Imagine a future--not too far distant, mind you--in which all of America's public works have been privatized. Big corporate runs the utilities, health care, access to water. Not too hard, is it? Now picture an America which is politically charged: small groups of activists staging protests, guerrilla actions, and just generally trying to stick it to the man. The Army of the Republic is a grim novelistic study of just this scenario.
The story alternates among the points of view of three main characters. Lando--yes, he's taken his guerrilla name from that Lando--is one of the founders of the Army of the Republic, a guerrilla group in which nobody knows anybody else's true identity, which funds itself by pulling off heists against big corporate (Walmart et al), and which has, at the beginning of the novel, just carried out its first political execution. The target of their action was not a politician, but rather, a player in the field of water processing and distribution.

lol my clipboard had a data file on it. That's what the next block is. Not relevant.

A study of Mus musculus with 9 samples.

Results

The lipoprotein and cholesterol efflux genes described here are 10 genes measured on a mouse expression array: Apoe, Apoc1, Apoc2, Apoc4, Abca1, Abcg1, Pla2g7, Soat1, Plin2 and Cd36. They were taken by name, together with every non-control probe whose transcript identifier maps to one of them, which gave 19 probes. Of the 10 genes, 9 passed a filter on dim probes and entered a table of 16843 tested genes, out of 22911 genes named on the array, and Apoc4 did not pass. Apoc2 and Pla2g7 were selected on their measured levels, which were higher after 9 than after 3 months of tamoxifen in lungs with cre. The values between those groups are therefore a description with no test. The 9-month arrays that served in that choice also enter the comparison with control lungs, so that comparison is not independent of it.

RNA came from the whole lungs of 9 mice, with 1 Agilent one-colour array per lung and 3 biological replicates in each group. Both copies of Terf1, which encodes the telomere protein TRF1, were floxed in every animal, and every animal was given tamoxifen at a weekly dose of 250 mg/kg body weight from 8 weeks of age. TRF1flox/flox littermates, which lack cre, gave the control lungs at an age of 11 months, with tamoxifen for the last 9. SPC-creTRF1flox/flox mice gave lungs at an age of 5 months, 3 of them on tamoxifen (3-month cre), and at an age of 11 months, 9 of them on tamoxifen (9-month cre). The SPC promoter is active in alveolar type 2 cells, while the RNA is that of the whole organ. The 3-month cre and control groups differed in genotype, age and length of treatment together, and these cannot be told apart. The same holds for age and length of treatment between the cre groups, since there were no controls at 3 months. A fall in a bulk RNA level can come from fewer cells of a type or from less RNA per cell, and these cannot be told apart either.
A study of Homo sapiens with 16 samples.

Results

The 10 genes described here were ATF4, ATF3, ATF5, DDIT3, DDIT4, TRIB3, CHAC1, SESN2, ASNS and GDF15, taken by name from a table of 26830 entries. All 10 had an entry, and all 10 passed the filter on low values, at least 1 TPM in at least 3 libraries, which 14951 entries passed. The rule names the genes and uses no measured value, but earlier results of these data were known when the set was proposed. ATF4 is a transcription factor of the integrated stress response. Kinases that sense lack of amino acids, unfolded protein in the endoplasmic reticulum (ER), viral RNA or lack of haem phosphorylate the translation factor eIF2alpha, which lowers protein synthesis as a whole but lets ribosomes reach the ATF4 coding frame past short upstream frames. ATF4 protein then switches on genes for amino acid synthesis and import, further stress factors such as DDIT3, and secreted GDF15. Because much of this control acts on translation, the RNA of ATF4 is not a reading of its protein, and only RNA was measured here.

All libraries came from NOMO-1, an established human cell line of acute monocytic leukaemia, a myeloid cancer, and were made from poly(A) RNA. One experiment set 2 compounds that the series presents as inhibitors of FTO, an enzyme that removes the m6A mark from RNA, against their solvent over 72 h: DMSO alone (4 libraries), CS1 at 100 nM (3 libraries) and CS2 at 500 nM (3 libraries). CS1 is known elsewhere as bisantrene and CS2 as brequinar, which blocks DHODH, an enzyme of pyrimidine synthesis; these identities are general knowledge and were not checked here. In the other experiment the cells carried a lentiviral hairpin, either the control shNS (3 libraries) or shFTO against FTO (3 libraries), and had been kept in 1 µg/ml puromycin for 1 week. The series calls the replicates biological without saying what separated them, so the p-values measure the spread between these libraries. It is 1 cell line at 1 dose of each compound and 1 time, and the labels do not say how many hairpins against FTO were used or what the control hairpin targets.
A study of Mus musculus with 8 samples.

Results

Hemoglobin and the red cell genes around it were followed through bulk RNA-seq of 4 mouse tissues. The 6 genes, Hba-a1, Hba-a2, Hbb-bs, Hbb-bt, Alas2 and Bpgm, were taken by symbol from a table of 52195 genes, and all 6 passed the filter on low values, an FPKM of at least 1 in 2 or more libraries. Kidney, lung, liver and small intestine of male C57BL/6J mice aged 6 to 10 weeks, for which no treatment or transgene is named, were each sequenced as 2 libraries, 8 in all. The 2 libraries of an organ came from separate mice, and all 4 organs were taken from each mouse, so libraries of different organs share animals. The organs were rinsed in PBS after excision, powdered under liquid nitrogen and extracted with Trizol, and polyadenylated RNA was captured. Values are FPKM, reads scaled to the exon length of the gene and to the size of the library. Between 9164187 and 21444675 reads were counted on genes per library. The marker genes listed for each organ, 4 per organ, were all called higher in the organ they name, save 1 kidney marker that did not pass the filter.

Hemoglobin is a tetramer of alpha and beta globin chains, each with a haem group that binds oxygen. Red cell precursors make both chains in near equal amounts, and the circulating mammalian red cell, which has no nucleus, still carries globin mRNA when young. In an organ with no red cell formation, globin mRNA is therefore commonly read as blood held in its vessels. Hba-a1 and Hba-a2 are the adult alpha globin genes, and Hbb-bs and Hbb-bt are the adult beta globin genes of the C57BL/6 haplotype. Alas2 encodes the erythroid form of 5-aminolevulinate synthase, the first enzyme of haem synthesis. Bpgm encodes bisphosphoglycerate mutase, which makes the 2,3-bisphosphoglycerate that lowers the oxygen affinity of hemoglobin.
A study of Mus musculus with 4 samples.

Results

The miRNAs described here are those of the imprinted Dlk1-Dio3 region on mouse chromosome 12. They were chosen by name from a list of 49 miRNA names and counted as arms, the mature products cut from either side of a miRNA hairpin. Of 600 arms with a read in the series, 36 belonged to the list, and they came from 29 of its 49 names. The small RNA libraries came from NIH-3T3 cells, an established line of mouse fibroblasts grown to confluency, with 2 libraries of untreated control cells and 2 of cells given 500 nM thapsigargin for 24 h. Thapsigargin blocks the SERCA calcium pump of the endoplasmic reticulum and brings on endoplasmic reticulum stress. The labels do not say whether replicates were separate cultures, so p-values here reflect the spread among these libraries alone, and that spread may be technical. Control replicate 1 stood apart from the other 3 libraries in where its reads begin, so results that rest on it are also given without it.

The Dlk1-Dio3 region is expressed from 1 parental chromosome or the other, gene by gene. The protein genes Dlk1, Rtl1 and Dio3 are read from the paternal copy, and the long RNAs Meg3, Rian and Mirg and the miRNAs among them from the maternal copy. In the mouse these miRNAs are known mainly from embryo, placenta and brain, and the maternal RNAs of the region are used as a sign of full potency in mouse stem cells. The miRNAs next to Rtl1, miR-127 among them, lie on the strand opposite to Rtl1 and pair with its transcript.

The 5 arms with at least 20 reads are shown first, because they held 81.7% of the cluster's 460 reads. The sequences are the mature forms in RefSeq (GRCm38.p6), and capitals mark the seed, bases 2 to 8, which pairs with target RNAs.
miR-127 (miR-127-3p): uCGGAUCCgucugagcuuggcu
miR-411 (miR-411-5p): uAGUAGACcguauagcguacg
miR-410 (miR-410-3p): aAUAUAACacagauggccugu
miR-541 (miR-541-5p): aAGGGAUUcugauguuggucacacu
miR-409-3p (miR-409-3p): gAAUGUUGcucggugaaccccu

Emily is one of the heads of a far larger, more mainstream--but still radical--group of civil activists. Their group decries the violence which many of the revolutionary groups resort to, and is currently throwing most of its weight behind voting reform.
And the third point of view comes to us courtesy of Lando's father, a serious name in the water game.
There's a romance. There's familal dysfunction and reconciliation. The book is fascinating when examining the minutiae of revolutionary activism--false names, money caches, safe houses, and all the other cloak and dagger stuff necessary to live a life under the radar and on the run. But it's at its very best when the action heats up and the protesting begins.
The Army of the Republic was a reasonably enjoyable read, but would have been tighter, and probably not come across quite as self-righteously as it did, if some judicious editing had pruned 75 or 100 pages from its length.